In a post on social media on 27 February, Al Wassat media group chairman Mahmud Shammam reported that the radio station’s transmitter in Tobruk had just been seized by security forces attached to the army that controls eastern Libya.
The same day, Al Wassat’s headquarters in Benghazi was suddenly raided and closed and material was confiscated. The only reason given for its closure was the claim that its signal was interfering with the local government’s broadcasts.
It was the militia in charge of protecting Gharyan’s local radio station that demanded its closure on 23 February without giving any plausible reason. It has not broadcast since then. Attempts to resolve tension between the militia and Gharyan’s local authorities, so that the station can resume broadcasting, have so far been unsuccessful.
“The situation in Libya is extremely worrying and we request the immediate reopening of these radio stations,” RSF editor in chief Virginie Dangles said. “Regardless of the criticisms that can be levelled against them, their closure was sudden, disproportionate and arbitrary, and will only help to block the problematic transition that Libya has been experiencing since 2011.”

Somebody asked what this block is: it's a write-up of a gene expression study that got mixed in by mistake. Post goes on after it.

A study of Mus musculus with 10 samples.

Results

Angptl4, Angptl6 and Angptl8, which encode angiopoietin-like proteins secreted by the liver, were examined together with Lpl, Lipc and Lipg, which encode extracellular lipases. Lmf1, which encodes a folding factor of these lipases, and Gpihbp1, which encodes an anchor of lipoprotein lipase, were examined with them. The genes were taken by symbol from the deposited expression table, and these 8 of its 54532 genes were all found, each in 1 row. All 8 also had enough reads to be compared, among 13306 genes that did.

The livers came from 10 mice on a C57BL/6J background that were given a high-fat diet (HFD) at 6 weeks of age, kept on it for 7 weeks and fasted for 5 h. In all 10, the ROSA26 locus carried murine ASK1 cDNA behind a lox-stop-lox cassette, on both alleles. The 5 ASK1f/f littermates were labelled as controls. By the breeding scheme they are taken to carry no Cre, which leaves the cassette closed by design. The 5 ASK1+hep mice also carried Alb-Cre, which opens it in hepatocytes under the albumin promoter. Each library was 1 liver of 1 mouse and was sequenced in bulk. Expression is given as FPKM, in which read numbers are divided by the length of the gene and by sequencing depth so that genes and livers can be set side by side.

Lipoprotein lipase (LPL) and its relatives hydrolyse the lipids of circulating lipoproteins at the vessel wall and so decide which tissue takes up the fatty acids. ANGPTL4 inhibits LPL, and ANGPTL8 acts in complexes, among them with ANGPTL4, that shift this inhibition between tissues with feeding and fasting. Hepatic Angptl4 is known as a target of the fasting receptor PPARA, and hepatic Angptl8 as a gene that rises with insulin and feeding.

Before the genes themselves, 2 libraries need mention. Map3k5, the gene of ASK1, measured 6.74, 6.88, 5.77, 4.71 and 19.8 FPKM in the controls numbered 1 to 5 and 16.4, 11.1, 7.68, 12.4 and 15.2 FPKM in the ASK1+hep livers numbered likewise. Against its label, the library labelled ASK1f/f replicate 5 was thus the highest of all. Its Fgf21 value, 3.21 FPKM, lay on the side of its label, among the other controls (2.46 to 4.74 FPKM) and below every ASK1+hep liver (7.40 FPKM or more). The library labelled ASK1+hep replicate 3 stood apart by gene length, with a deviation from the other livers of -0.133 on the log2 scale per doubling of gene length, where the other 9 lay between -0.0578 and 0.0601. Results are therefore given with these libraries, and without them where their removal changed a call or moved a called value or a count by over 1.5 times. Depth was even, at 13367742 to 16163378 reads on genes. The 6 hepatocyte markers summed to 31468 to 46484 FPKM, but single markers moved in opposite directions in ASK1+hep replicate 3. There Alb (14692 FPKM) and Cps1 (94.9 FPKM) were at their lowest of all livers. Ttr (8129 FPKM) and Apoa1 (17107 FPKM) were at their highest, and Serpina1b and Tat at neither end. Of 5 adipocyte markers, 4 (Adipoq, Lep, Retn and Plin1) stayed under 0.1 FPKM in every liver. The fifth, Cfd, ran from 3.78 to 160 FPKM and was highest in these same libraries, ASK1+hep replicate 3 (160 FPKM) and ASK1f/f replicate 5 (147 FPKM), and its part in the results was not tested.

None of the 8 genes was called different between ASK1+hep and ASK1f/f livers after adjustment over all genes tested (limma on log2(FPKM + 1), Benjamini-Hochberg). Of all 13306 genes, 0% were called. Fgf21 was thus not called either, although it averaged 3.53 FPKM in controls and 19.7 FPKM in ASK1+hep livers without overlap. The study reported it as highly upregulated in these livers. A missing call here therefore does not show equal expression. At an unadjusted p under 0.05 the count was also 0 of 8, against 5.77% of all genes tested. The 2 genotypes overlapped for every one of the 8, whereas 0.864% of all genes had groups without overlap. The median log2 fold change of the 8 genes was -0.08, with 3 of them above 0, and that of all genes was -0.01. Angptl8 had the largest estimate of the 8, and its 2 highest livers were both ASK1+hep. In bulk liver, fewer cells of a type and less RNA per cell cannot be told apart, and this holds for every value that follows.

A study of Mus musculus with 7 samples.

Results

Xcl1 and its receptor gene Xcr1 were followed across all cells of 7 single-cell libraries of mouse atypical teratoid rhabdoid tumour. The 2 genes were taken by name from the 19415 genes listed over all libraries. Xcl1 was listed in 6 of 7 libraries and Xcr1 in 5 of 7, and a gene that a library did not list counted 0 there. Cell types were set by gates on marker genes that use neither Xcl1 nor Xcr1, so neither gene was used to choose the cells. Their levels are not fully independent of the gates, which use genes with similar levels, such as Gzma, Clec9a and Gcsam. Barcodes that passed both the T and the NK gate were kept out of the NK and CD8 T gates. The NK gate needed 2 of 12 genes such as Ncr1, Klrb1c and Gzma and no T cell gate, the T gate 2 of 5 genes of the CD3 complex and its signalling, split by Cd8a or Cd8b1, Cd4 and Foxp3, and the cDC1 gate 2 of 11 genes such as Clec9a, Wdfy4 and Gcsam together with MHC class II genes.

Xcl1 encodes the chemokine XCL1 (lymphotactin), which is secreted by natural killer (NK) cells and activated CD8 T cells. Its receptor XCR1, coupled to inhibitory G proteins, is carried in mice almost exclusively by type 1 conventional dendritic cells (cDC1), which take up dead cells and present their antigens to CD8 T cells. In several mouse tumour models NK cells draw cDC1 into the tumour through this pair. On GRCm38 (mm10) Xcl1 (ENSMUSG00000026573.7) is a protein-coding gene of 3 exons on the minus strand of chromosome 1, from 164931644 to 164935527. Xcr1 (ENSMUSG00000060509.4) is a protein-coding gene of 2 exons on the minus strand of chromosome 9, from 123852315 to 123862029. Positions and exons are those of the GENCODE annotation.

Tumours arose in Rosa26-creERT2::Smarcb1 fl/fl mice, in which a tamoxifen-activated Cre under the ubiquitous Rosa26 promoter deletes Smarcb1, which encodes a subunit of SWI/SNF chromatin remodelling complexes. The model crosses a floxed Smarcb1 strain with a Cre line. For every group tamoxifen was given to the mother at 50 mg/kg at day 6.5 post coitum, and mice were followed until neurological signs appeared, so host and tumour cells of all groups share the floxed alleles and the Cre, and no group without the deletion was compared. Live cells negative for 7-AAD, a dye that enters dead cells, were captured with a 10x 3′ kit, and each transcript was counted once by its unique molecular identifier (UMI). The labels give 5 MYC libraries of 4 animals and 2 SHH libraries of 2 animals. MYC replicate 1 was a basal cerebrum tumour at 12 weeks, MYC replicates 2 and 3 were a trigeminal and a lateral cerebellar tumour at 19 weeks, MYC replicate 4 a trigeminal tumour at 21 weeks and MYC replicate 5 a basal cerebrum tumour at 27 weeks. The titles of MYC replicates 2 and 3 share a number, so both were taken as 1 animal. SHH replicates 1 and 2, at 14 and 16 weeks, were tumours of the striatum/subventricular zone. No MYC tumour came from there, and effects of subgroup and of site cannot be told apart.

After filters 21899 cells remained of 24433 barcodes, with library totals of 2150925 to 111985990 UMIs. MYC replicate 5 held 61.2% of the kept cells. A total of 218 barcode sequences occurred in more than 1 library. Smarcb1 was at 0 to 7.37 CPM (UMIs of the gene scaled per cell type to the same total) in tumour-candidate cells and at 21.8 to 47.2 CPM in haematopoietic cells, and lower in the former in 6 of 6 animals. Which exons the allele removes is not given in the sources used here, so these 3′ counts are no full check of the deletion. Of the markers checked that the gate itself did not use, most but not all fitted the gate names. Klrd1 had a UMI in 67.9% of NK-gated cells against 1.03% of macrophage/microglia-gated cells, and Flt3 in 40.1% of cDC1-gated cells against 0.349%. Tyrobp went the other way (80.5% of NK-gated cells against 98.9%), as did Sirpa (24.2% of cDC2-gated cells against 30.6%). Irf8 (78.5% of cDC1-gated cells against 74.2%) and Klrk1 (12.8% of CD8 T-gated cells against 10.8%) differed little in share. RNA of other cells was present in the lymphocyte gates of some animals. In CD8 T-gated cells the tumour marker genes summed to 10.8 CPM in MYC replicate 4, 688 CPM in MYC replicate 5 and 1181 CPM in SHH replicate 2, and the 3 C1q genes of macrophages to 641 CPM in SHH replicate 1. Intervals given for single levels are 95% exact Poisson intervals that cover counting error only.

Several cases of journalists being the targets of abduction or violence have also been reported to RSF in the western city of Tripoli but the victims are terrified of the many militias operating in the city and have asked not to be identified.
The conflict between the rival governments in the east and west of the country since the start of 2016 has resulted in a climate of complete impunity for crimes of violence and abuses against journalists and media outlets, which makes it very dangerous for them to operate.
Libya is ranked 164th out of 180 countries in RSF’s 2016 World Press Freedom Index.